If you have been injured in a car accident, you need to get medical treatment. If you are going to make an injury claim against the other driver, the sooner you treat, the better for your injury claim. Any delay in getting medical treatment will be used against you by the other driver's insurance company. From a personal injury lawyer's perspective, an ambulance ride to the hospital from the accident scene makes for a stronger case than if there is a delay before the first date of treatment.

But what if you don't have health insurance and can't afford to pay for medical treatment? You should hire a personal injury attorney, the sooner the better, who can refer you to a medical provider who will treat you on a lien basis. A lien means that the medical provider agrees to wait to be paid until your case resolves.

Generally, a personal injury lawyer will not refer you to treat on a lien basis until two things are reasonably clear:

  1. Liability on the other driver looks strong; and
  1. The other driver has auto insurance, or you have uninsured motorist coverage.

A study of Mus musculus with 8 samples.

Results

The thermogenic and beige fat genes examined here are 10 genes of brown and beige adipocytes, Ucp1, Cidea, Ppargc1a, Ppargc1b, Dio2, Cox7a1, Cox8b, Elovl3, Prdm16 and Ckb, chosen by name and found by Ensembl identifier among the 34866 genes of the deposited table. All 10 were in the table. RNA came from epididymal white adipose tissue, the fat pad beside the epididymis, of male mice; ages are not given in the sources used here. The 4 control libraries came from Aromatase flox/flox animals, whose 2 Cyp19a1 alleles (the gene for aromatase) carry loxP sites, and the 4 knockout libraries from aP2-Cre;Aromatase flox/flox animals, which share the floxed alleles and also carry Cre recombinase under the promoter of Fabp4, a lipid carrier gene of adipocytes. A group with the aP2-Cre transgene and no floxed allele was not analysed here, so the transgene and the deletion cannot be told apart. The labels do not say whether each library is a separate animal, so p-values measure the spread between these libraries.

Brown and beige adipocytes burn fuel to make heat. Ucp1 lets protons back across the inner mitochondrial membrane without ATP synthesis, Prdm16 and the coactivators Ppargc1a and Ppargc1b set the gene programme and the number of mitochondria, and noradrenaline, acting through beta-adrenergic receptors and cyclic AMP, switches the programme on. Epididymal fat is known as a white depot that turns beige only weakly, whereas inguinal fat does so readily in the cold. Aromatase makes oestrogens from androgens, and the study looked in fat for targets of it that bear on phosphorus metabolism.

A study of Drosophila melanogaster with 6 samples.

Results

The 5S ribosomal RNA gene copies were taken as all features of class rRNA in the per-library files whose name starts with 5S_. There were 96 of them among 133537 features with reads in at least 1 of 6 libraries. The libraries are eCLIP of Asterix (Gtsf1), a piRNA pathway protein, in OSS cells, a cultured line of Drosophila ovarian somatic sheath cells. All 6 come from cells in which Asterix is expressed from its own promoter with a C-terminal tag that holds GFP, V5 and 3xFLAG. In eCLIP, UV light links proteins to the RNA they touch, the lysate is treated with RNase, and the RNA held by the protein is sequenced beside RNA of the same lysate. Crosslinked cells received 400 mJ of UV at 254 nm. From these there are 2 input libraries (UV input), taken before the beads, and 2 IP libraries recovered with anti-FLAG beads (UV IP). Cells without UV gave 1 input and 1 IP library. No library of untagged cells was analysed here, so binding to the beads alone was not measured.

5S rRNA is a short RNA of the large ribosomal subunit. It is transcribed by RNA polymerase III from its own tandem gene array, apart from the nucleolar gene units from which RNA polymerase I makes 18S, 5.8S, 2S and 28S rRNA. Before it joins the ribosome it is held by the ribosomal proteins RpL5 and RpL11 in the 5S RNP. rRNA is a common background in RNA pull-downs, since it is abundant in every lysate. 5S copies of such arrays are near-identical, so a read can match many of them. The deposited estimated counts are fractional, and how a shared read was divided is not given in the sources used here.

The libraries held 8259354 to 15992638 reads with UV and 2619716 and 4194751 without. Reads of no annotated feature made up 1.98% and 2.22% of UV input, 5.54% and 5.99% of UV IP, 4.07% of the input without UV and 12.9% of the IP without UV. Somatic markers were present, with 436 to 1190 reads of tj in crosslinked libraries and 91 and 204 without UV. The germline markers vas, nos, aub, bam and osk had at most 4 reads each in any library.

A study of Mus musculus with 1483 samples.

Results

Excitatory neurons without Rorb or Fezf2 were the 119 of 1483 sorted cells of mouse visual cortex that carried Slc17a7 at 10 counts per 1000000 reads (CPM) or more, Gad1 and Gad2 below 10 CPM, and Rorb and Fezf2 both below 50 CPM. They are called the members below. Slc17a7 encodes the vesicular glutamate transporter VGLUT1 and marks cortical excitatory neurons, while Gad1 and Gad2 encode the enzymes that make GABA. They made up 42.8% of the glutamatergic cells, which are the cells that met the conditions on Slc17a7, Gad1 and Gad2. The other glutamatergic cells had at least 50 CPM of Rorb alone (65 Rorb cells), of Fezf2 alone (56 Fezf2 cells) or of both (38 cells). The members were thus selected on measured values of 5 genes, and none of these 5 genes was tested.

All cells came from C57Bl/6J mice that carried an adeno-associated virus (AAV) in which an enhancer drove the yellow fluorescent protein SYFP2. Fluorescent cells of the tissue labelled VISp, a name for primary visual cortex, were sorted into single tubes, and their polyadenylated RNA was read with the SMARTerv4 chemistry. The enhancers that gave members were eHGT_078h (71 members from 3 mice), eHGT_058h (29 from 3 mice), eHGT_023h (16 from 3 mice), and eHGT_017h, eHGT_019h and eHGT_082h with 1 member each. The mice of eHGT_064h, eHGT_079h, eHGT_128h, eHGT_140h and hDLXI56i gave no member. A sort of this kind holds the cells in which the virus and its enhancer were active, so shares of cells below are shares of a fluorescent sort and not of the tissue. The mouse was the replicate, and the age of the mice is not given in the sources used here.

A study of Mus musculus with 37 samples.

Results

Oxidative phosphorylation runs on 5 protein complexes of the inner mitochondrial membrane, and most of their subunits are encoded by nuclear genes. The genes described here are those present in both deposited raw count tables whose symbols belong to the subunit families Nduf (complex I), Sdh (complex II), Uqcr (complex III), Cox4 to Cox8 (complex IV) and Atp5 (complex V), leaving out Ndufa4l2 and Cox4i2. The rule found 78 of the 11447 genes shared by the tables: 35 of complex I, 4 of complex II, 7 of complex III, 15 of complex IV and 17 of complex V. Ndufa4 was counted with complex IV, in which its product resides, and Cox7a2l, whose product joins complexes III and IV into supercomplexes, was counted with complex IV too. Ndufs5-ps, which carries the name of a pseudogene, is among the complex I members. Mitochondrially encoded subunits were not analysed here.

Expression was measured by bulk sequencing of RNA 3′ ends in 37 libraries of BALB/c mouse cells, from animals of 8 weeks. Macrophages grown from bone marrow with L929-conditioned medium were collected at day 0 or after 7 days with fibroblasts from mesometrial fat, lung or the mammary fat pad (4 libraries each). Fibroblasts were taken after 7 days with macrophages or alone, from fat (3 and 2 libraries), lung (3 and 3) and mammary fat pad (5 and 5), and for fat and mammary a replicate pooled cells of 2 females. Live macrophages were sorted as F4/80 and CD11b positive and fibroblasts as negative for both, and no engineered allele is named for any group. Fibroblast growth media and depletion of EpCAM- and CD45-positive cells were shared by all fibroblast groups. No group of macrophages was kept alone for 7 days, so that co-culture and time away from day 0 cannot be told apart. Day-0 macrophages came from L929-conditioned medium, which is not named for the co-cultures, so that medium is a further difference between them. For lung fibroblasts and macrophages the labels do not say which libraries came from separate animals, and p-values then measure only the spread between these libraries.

Why? Because an attorney doesn't want to burn his relationship with a medical provider who treats on a lien unless the lawyer has confidence that the doctor will get paid.

What if the police report won't be ready for awhile? That could be a problem. Without a police report, it may not be clear who was at fault, or if there was insurance to cover your claim. In the absence of a readily available police report, the attorney will need to look at all the facts and circumstances to determine whether to go ahead and refer the client for treatment on a lien:

  1. Is liability clear?
    1. Was it a rear-end collision? If yes, then the rear-ending vehicle is almost always at fault.
    2. Can the client provide the attorney with contact information on an independent witness who will corroborate that the other driver was at fault?
    3. Does other evidence strongly put fault on the other driver?
  1. Is there auto insurance to cover the claim?
    1. Does the client have uninsured motorist coverage? If yes, then even if the at-fault driver was uninsured, the client can make an injury claim under his/her own auto insurance.
    2. Was the at-fault driver driving a company car? A high-end vehicle? A newer vehicle? If yes, that vehicle was likely insured.

The attorney is motivated to get you treating as soon as possible, because it will make for a stronger case.

Bottom Line: if you were injured in a car accident and will be making an injury claim, hire a lawyer and get medical treatment (consistent treatment without gaps or delays) as soon as possible after the accident.